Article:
Cookie-Cutter Ballparks Steal Flavor From Major Leagues

By Vic Ziegel New York Daily News

A list of the bottom 10 major league ballparks - the fields of dreary - is too easy. The good news is that several of them are rounding third and coming down.

Avoid, by all means, just the way the locals do, Montreal’s Olympic Stadium. The park’s worst feature, besides too much joyless concrete and artificial turf, is an almost-domed roof that doesn’t close, leaving a round hollow space. It’s why the park is called the world’s largest outdoor toilet bowl.

The best thing about Detroit’s Tiger Stadium, to be replaced by a new downtown stadium, is that the stands are almost on top of the field. It would make for a great view if there weren’t so many poles. There isn’t much charm and there aren’t nearly enough bathrooms.

Philadelphia’s Veterans Stadium is a flophouse. The team is awful and the park needs replacing. It was built in 1971, when baseball threw up too many of the no-charm cookie-cutter stadiums now being scrapped.

Cincinnati’s Riverfront Stadium, which succeeded the seedy and completely charming Crosley Field, is another of that type. So is Pittsburgh’s Three Rivers Stadium.

A few years ago, right after the White Sox moved into new, ugly Comiskey Park, baseball finally threw away the cookie cutter. The architects who came up with Baltimore’s Camden Yards first offered that design to the White Sox. The same team that threw the 1919 World Series said no thanks.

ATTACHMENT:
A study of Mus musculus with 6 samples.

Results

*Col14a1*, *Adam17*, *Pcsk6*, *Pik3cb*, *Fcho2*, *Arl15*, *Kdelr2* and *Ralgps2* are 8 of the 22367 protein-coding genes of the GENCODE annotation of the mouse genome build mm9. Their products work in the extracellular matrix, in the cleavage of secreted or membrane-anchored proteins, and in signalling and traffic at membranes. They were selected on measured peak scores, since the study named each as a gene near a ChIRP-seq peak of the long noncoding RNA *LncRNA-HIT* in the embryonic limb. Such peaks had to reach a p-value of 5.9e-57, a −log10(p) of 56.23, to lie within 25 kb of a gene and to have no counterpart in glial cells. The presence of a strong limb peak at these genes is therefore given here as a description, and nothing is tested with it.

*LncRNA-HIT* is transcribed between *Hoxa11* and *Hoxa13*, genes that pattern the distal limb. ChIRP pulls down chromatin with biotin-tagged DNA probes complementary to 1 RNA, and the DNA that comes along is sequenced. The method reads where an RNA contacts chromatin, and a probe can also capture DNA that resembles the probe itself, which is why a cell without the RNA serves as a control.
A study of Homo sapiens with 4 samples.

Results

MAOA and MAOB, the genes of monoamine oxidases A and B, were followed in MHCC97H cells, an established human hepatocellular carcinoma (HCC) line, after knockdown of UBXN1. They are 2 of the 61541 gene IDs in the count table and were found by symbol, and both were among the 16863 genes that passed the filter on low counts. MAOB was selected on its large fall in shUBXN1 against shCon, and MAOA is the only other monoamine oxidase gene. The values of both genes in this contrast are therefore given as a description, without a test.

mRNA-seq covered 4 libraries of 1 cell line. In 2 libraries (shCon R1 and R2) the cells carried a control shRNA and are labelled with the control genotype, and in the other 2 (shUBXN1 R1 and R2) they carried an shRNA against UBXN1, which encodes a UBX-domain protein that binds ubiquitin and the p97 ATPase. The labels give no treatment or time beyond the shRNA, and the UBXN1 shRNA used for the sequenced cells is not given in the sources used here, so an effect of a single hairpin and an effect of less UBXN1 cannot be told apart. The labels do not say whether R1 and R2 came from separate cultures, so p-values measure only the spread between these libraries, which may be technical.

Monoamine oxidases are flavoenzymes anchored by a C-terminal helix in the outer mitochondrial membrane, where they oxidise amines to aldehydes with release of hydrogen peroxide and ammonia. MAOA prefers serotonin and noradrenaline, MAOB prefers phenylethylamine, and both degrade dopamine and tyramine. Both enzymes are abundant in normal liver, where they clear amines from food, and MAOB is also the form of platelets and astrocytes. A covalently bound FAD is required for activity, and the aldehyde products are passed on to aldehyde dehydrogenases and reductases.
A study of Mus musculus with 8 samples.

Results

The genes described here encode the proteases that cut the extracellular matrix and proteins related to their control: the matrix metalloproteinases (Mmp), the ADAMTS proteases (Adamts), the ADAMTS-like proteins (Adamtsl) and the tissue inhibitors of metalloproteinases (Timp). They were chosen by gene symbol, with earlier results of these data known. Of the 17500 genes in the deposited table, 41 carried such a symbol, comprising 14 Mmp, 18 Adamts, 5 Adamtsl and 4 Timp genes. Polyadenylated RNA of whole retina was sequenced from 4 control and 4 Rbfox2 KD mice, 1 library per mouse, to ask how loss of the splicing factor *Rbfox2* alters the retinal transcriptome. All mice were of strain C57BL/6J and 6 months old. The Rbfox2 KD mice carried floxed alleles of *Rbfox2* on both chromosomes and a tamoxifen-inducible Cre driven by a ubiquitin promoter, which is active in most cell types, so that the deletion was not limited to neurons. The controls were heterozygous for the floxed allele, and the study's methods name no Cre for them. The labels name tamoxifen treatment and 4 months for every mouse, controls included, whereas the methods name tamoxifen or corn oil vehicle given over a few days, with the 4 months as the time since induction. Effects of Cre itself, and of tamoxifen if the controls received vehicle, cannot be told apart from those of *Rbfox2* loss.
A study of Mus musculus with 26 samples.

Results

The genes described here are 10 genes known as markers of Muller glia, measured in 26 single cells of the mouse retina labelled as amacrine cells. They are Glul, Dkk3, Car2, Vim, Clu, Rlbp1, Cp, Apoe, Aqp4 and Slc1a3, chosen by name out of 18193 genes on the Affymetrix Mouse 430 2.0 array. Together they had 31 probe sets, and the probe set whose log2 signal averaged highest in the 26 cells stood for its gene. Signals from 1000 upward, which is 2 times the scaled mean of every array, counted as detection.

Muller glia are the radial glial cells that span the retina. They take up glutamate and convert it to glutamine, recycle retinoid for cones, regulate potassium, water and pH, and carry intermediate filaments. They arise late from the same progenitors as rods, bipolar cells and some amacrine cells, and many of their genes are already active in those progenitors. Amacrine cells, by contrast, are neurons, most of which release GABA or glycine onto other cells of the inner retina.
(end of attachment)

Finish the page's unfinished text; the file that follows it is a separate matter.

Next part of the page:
The Minneapolis Metrodome, kind of funky, has a right-field wall that’s really a giant Hefty bag. Why would they build a domed stadium in a part of the world where summer is the only time you step outside?

Seattle’s Kingdome, a stadium-cum-mausoleum, is another park being replaced. So is Milwaukee’s County Stadium, where the rust wins more often than the team.

The Mets are talking about building something nearby to replace Shea Stadium and it can’t come too soon. The serenity and charm of baseball is buried in the noise from too many jets. If you’re driving from New Jersey, the tolls are about $12, which is a lot of beer you never get to drink. The upper-deck roof leaks and so does the press box. That’s the last straw.